Stove shuts off unexpectedly:
This issue is often caused by problems within the burn chamber, the temperature sensors, or the photoeye. These are the areas that we suggest checking.
A dirty burn grate can cause the stove to shut down because it inhibits pellets from burning. Clean the burn grate by using the grate scraper tool to chip away stubborn buildup and remove clinkers. If the brand of pellet fuel you use produces an excessive amount of ash, try switching to higher quality pellets (note, different brands of pellets may require an adjustment to the feed trim to burn properly due to the variety of size and shape)
If the stove runs less than 5 minutes before shutting down, it may not have reached the minimum temperature for the low limit sensor to take control after the start up cycle. Try running the start-up cycle again and if it still shuts down the low limit sensor may be stuck open. The low limit switch is normally open until the exhaust temperature reaches 140°F. The switch then closes until the exhaust temperature drops below 120°F. This switch can be bypassed or read with a multimeter to check for a fault. To bypass, the first step is to unplug your stove so you don’t accidentally short out your control board. After that, you can use a jumper wire, or a metal paper clip to make a connection between the two contacts. After you have done this plug your stove back in if your problem is fixed this is the sensor you need to replace.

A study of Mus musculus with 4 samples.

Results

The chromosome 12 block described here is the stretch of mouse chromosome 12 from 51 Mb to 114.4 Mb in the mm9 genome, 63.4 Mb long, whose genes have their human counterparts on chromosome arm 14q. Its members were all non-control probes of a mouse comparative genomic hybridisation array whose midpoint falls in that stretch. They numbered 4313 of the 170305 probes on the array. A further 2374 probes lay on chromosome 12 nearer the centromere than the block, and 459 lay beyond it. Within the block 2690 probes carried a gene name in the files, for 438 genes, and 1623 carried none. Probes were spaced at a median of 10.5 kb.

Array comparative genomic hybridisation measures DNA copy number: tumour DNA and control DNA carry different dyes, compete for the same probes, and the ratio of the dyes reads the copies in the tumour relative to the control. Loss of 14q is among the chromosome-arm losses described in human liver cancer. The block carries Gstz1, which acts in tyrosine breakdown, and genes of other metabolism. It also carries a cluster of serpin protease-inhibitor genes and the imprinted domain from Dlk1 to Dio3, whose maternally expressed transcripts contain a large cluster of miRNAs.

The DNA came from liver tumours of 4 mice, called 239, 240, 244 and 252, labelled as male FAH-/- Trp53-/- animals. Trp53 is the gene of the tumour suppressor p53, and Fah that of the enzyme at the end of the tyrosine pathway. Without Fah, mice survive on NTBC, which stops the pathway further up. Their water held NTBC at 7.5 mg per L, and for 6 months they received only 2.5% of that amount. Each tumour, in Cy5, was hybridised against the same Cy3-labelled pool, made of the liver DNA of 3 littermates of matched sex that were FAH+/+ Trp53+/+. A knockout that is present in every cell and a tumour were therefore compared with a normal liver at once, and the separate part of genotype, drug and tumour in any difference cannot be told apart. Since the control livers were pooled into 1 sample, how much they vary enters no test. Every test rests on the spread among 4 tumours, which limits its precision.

Some Whitfield models, including the Optima 2, Optima 3, Profile 20, Profile 30, and the T300P series, have a photoeye proof of flame sensor instead of the low limit switch. This photoeye sensor detects whether a flame is present before signaling more pellets to feed. Try cleaning the photoeye lens and checking the position of the photo eye by shining a light directly in the place where a flame would normally to determine if the photoeye is detecting a flame properly.
The high limit switch may have tripped. This safety switch is normally closed and opens to cut power to the stove if temperatures exceed 250°F. Once the stove cools below 210°F, the switch closes to resume regular stove operation. If this switch is stuck open it would prevent the control board from engaging the blowers and auger motor. Make sure the stove is cool or has been shut off for at least an hour, before either bypassing the switch to test it or checking it with a multimeter. To bypass, the first step is to unplug your stove so you don’t accidentally short out your control board. After that, you can use a jumper wire, or a paper clip to make a connection between the two contacts. After you have done this plug your stove back in if your problem is fixed this is the sensor you need to replace.